NAIROBI, Kenya, Aug 16 – Co-operative Bank’s recent efforts to significantly grow its customer base have paid off with the bank reporting a 50 percent rise in pre-tax profit to Sh2.9 billion for the half year ended June 2010.

Managing Director Gideon Muriuki told investors at a briefing on Monday that client accounts grew from 812,000 to 1.24 million over the period under review, which in turned helped to grow customer deposits to Sh110 billion.

“A key focus for us in the last one year has seen growth in our customer numbers to over 1.2 million accounts and this has driven a lot of our transaction-based income in the bank. One of the strategies that we came up with was that every staff in the bank would over and above what they do, bring five accounts every month and this has worked tremendously,” he disclosed.

Net interest income went up from Sh3.1 billion in June last year to Sh4.1 billion while the loan book increased to Sh70 billion buoyed by their new and competitive product lines.

This is the highest pre-tax increase that has been reported in the local industry so far which was also supported by the bank’s corporate and institutional banking services.

“We are very happy with what we have been able to do. For those who know our history, we have come from being a bank that was faced with an imminent risk of closure.  So for us, to be where we are today it is incredible,” the MD pointed out in reference to its loss-making streak at the beginning of the millennium.

In the year, 2000 Co-op bank, which became a fully fledged commercial bank in 1994, made a Sh2.3 billion loss but this was significantly reduced in 2001 when it registered a Sh800 million loss. This streak was however broken in 2002, when it posted a Sh103 million profit and has since managed to remain on that profitability path.

Co-op bank also managed to largely hold down its operating costs which only went up by 23 percent. Mr Muriuki attributed this to their decision to redeploy over 300 staff to manage new branches instead of hiring new ones.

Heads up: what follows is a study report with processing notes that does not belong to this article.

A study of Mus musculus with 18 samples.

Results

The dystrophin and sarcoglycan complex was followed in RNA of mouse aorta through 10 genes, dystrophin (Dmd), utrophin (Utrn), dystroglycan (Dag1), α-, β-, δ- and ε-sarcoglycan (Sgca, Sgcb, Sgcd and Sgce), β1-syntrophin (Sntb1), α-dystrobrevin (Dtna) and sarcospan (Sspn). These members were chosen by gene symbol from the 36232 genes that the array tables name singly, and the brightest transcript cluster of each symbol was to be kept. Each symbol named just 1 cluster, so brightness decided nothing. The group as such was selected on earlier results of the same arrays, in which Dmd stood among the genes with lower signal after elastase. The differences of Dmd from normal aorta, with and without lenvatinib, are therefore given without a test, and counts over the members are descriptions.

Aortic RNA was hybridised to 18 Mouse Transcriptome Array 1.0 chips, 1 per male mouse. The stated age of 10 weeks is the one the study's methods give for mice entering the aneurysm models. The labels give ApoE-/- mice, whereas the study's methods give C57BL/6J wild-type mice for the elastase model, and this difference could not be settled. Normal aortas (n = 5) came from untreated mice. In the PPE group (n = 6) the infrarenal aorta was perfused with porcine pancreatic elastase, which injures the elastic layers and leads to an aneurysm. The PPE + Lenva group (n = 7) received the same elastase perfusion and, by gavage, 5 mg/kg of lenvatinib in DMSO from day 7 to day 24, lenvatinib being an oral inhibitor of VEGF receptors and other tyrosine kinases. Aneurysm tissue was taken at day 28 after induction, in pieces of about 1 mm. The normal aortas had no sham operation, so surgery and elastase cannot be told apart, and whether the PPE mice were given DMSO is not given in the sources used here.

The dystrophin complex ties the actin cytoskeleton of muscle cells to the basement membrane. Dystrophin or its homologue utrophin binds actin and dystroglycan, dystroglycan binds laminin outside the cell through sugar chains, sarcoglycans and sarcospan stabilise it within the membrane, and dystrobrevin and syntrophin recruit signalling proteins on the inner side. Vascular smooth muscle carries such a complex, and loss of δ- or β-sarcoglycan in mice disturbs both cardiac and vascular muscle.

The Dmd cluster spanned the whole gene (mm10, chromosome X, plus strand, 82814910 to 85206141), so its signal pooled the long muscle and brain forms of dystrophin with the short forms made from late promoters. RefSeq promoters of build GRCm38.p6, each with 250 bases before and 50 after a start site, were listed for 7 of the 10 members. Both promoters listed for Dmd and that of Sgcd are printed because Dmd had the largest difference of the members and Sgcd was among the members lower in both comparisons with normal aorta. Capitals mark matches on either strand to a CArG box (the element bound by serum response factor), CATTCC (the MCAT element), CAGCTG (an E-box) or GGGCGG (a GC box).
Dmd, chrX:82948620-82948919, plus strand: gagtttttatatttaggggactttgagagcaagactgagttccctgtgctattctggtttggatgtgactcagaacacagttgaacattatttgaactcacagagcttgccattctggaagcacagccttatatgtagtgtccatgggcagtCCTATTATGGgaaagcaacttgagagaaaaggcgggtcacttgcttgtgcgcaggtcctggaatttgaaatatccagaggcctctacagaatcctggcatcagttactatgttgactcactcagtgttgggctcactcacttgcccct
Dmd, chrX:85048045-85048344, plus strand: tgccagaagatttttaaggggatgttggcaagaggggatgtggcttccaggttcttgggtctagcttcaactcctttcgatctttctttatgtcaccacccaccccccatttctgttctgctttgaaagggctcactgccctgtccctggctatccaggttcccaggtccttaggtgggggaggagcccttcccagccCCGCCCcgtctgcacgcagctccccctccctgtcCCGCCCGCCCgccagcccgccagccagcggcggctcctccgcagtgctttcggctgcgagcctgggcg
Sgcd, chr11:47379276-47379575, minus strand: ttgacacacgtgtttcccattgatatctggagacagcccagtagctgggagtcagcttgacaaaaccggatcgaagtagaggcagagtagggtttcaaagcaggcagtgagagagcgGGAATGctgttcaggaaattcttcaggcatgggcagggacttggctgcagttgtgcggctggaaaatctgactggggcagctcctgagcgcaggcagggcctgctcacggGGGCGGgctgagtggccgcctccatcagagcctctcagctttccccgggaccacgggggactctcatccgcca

“Despite the good growth in our branch network, we optimised our staff from within and this has seen us record a very good return this year,” he said of their 27 new outlets that were opened during the period and which represented a 50 percent increase in their network.


This, coupled with the continued growth momentum in the economy, would greatly contribute to the bank’s profitability which it forecasted would double in the second half.

Its mortgage business, which has over Sh2 billion in committed funds, agency banking and points of sale with which it has managed to increase its outreach are all expected to contribute significantly to the bank’s margin.

Kingdom Securities Limited, the brokerage firm that the bank acquired from troubled broker Bob Mathews in May 2009, has also made a turnaround posting a profit of Sh15 million as at June 30, 2010.

The broker made a Sh8 million loss in the corresponding period last year but Mr Muriuki is confident that it will achieve its target of Sh50 million this year as it continues to tap into the over seven million member co-operative movement.

Mr Muriuki restated that Co-op Bank has adequate capital to run its affairs in the next few years although its main focus in the second half will be the implementation of a new core banking software at a cost of Sh1.5 billion.

It also hopes to be in the Southern Sudan market where it has entered into a strategic venture with the government before the end of the year. Once this happens, the bank hopes to open an initial five branches. Mr Muriuki also disclosed that they are eyeing the wider East Africa Community market as part of their expansion plans into the region.

Finer details of that plan are still under wraps because negotiations are still at an early stage but the bank hopes to adopt the same partnership model where it will own a majority stake in the operation with the remainder being held by the host government.